WARRNAMBOOL’S maligned Reid Oval playing surface can be improved for both football and cricket under a cheap and easy solution, according to former Adelaide Oval curator Les Burdett.
Burdett, who was in Warrnambool to help educate cricket ground curators yesterday and on Monday, inspected Warrnambool’s so-called premier sporting ground.
The oval, which had been used to host cricket grand finals for more than 60 consecutive years, will sit idle next month with the Warrnambool and District Cricket Association preferring other venues, based on player and official feedback.
Burdett said both cricket and football would benefit from a simple playing surface upgrade.
While football officials criticise the muddy cricket pitch square in winter, cricket officials bemoan the inability to get a pitch prepared before the middle of November because of the winter damage.
Burdett told representatives from co-tenants Warrnambool football club and Nestles Cricket Club yesterday that the centre square needed to be re-aligned with the football goal posts and the top 50mm of clay removed and replaced with soil.
He said five pitches should be laid out across the centre square but the middle pitch, which would run in a line from the middle of the goal posts, would then be left for general use.
He said the square needed to be re-planted with santa ana couch grass, and drainage and irrigation put in.
The middle pitch area would be used for football centre bounces and because of the drainage and type of soil, it would not become a mud bath nor as hard at the start or end of the footy season.
With the different soil, couch grass, drainage and watering system, it would be easier to get pitches back for cricket.
He estimated the cost of soil and laying turf across the square would be $6200 — cheaper than re-laying the whole ground.
Burdett said the key to the upgrade would be the purchase of inflatable covers that were easy and more efficient than traditional tarps.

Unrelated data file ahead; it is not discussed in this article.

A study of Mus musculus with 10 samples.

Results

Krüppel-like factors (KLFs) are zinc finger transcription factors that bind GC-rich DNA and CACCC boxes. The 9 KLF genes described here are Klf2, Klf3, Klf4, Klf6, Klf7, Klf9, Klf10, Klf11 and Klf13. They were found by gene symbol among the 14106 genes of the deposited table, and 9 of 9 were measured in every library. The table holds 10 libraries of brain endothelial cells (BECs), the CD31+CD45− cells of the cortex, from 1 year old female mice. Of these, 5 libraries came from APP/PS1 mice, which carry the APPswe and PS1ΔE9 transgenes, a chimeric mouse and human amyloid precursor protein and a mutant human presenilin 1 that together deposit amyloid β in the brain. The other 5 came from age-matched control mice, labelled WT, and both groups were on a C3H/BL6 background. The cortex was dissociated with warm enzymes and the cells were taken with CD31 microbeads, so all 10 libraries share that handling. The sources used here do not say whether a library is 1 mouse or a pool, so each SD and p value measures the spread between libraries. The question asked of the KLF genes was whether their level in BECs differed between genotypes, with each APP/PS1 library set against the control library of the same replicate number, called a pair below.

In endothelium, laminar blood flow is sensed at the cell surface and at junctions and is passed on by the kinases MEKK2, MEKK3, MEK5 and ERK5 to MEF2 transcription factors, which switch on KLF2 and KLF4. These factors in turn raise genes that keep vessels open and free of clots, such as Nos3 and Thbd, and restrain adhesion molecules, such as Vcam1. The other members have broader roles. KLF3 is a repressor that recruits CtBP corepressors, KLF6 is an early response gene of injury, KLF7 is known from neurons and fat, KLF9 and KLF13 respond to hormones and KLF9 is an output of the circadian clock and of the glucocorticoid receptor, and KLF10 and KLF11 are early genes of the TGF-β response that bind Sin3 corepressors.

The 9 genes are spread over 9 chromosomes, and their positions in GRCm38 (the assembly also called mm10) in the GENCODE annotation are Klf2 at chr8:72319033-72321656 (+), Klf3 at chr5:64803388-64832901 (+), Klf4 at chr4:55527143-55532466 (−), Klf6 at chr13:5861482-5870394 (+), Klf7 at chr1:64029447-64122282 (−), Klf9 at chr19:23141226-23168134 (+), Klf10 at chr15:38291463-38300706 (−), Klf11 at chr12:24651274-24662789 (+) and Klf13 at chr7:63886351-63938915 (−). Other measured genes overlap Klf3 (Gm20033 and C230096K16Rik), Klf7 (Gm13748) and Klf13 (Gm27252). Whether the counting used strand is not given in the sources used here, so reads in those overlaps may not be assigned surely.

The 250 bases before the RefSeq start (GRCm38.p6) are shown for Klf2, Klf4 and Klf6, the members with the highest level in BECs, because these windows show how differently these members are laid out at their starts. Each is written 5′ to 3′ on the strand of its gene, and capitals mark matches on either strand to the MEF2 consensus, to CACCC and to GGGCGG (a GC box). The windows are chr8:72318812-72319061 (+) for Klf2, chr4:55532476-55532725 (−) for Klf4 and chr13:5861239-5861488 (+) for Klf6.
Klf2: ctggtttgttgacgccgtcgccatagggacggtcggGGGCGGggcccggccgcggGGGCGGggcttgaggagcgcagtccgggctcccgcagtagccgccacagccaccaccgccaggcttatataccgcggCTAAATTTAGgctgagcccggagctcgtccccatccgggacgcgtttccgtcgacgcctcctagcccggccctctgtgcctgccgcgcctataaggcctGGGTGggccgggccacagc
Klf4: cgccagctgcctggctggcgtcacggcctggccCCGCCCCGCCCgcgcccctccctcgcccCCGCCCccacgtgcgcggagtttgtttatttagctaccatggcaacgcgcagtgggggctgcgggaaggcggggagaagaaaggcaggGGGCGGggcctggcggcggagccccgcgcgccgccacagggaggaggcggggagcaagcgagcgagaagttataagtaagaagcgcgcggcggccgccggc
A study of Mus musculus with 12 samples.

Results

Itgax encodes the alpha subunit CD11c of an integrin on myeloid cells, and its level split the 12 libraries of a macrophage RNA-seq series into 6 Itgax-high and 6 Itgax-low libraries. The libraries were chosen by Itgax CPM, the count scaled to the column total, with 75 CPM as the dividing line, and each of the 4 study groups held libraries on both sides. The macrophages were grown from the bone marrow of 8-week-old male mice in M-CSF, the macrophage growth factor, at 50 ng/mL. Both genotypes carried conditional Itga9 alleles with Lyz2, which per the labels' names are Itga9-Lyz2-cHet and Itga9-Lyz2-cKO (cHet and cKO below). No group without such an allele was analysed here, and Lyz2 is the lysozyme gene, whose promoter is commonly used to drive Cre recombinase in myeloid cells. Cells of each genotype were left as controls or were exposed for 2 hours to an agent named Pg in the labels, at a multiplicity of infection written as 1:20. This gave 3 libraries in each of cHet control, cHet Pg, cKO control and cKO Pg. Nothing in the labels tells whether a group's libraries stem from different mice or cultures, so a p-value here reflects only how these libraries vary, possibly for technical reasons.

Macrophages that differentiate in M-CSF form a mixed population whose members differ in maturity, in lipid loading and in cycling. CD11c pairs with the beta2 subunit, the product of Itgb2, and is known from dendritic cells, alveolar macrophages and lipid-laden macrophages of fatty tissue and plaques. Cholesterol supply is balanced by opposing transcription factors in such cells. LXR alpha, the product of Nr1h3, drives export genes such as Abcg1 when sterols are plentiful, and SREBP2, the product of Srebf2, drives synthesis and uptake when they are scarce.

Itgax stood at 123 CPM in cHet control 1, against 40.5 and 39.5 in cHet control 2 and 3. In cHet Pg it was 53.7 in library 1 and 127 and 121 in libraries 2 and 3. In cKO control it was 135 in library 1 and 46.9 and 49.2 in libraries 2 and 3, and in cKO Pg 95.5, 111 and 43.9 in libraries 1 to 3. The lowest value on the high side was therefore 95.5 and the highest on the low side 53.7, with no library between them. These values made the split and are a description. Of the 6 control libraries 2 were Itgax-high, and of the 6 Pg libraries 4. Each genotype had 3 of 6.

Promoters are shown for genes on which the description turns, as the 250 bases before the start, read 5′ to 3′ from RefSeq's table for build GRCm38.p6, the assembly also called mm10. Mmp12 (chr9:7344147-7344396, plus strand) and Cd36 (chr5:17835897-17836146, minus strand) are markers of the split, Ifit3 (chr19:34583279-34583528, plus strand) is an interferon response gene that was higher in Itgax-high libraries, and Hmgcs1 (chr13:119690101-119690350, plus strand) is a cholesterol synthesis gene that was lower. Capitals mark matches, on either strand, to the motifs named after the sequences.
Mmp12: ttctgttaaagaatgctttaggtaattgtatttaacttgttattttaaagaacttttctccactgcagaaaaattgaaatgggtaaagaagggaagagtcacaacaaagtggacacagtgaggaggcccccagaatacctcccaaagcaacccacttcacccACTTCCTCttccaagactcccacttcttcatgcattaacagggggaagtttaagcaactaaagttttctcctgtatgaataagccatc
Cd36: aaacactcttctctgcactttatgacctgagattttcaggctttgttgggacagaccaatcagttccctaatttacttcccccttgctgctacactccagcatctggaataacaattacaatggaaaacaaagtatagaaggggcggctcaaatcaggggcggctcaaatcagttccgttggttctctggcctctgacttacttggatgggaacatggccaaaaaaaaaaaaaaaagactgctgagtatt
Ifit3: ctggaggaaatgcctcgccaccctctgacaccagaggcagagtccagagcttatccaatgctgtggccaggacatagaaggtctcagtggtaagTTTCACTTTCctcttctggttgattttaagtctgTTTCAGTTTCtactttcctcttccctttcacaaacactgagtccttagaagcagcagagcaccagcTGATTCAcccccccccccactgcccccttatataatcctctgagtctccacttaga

The covers would cost less than $5000.
“The whole idea is to build a marriage between cricket and football,” he said.
“During the winter they don’t have to shift the circle from side to side and at the end of the season it can simply be returfed and playable within a week.”
He said he would ensure the centre wicket area was 75mm higher than the outfield, which would mean water was taken away from under the middle of the ground, making it more playable in winter and for cricket season.
He said Reid Oval was in good condition but needed some “TLC” to remove some broad leaf and repair a couple of patches in the outfield.
Burdett said he was pleased both clubs he met with yesterday were prepared to work together.
On Monday night he made a presentation about the types of grasses needed to prepare grade and Test pitches.
He said couch grass would give a faster and bouncier pitch than a medium bounce and slower wicket associated with rye grass, which is used at Reid Oval.
Burdett, who retired after 41 years of grooming the Adelaide Oval, now runs his own consulting business.
But he said his reason for leaving the Adelaide Oval was because of prostate cancer.
“I’m as fit as I’ve ever been now,” he said.
“Guys, for your family’s sake, go to the doctor, have a physical and a blood test.
“If you get it early you will save your life, put it off and you won’t.”